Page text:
Abbott's Portico TAVR System Evaluated at 30 Days in Real-World Setting


June 4, 2018—Abbott Structural Heart recently announced that data from the PORTICO I study of treatment with the company's Portico transcatheter aortic valve replacement (TAVR) therapy were presented at EuroPCR 2018 held May 22–25 in Paris, France. The Portico transcatheter aortic valve is a minimally invasive treatment for patients diagnosed with severe aortic stenosis who are not candidates for open heart surgery.

The PORTICO I study is a real-world, multicenter, prospective, single-arm study with independent adjudication of clinical events and independent echocardiography core-lab analysis. The study will follow patients annually through 5 years in a real-world setting after being treated with Portico to assess long-term clinical outcomes.

According to Abbott, the findings showed favorable short-term clinical outcomes for safety and performance that were consistent with the Portico CE Mark study results that supported European regulatory approval that was announced in 2012.

The Portico TAVR device was associated with excellent clinical outcomes at 30 days, including low rates of death, disabling stroke, and paravalvular leak. Additional benefits observed included reduction in New York Heart Association (NYHA) class severity, low rates of bleeding, and improvements in a 6-minute walk test, allowing patients to return to their previous lifestyles and activity faster.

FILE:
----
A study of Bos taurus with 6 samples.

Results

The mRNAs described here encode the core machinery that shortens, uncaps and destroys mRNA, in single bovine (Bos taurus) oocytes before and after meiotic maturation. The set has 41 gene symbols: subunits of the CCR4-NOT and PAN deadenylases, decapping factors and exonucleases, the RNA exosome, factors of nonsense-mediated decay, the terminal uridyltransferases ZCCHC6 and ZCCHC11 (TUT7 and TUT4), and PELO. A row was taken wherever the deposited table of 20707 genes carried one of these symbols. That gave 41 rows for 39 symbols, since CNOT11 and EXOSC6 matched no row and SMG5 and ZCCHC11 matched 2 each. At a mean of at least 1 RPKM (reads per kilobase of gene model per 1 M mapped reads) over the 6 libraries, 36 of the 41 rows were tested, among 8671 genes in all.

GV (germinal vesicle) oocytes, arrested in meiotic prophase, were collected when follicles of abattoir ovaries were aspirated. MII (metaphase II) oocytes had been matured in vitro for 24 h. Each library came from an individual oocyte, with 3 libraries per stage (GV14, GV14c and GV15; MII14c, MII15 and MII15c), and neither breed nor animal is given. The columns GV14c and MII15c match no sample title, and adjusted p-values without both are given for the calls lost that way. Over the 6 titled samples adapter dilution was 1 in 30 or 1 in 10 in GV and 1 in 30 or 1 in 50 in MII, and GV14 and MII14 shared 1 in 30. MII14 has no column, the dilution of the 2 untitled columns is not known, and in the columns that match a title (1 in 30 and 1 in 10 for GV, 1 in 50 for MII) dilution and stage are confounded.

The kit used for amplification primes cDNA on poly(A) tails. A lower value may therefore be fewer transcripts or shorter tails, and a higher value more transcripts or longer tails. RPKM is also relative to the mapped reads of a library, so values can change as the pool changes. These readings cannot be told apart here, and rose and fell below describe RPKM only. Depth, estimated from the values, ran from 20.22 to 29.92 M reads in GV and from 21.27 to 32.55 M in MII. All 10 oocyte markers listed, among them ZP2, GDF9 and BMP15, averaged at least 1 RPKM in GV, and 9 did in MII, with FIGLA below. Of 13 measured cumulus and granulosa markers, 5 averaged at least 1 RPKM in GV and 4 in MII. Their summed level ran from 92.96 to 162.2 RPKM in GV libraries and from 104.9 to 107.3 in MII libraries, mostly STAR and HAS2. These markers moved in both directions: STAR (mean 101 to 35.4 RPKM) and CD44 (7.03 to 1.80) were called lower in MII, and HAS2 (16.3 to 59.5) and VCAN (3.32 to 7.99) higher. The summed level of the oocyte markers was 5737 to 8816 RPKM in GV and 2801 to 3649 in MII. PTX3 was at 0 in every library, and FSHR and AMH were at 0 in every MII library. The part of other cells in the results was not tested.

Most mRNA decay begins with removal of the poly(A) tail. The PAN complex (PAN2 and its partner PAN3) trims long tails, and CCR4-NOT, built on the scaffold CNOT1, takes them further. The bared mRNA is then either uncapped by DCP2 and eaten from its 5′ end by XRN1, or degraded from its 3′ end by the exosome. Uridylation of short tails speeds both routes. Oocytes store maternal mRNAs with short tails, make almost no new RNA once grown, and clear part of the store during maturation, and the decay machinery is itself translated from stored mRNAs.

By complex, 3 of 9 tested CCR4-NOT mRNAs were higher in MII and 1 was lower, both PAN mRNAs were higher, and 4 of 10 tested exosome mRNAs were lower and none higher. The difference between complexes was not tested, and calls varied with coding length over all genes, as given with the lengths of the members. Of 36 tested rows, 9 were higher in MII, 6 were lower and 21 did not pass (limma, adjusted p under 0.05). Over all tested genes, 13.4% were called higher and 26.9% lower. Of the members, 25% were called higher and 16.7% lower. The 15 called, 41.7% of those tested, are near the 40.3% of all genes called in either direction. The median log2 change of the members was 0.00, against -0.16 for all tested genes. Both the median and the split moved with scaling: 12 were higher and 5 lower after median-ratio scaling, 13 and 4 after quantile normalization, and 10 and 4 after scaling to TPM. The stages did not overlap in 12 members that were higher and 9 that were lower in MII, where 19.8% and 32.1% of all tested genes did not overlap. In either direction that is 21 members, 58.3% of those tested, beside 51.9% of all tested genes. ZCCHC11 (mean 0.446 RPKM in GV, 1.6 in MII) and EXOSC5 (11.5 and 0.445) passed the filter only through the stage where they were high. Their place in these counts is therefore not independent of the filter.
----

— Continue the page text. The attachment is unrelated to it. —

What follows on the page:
In the study, 941 patients were treated at 61 centers across the European Union, Canada, and Australia. At 30 days, the study showed patients who received Abbott's TAVR therapy had very low rates of all-cause mortality (2.7%) and disabling stroke (1.7%).

At 30 days after implantation, study patients had excellent hemodynamic performance (8.6 mm Hg), a measurement of forward blood flow resistance, and effective orifice area—or large valve opening—of (1.8 cm2), allowing blood to easily flow from the left ventricle of the heart to the aorta. Nearly all patients (96.1%) experienced none-to-mild paravalvular leak, which may result after a mitral or aortic valve replacement procedure. The percentage of patients in NYHA class III/IV significantly decreased from 64% to 13.1%, indicating improved mobility, and clinical measures showed a mean improvement of 26 meters in the 6-minute walk test. No severe aortic valve regurgitation, or leak, based on independent core lab-assessed echocardiographic analysis, was seen at 30 days.

The study's Principal Investigator, Professor Francesco Maisano, MD, who is from Universitätsspital Zürich in Switzerland, commented in the company's announcement, "Patients with severe aortic stenosis require timely treatment to reduce symptoms and improve clinical outcomes and quality of life. These new data reinforce that treatment with the Portico valve is safe in a real-world setting—with robust clinical results—and confirm that Portico is an excellent solution for patients at increased risk for surgery."

Abbott Structural Heart advised that Portico recently received regulatory approval in Europe for a sheathless introduction of the Portico valve, allowing physicians to deliver it without an arterial introducer sheath, making it easier for physicians to insert the device in patients with severe disease and complex anatomies. The smaller size of the valve may lower the risk of serious adverse events and vascular complications such as internal damage to the arteries.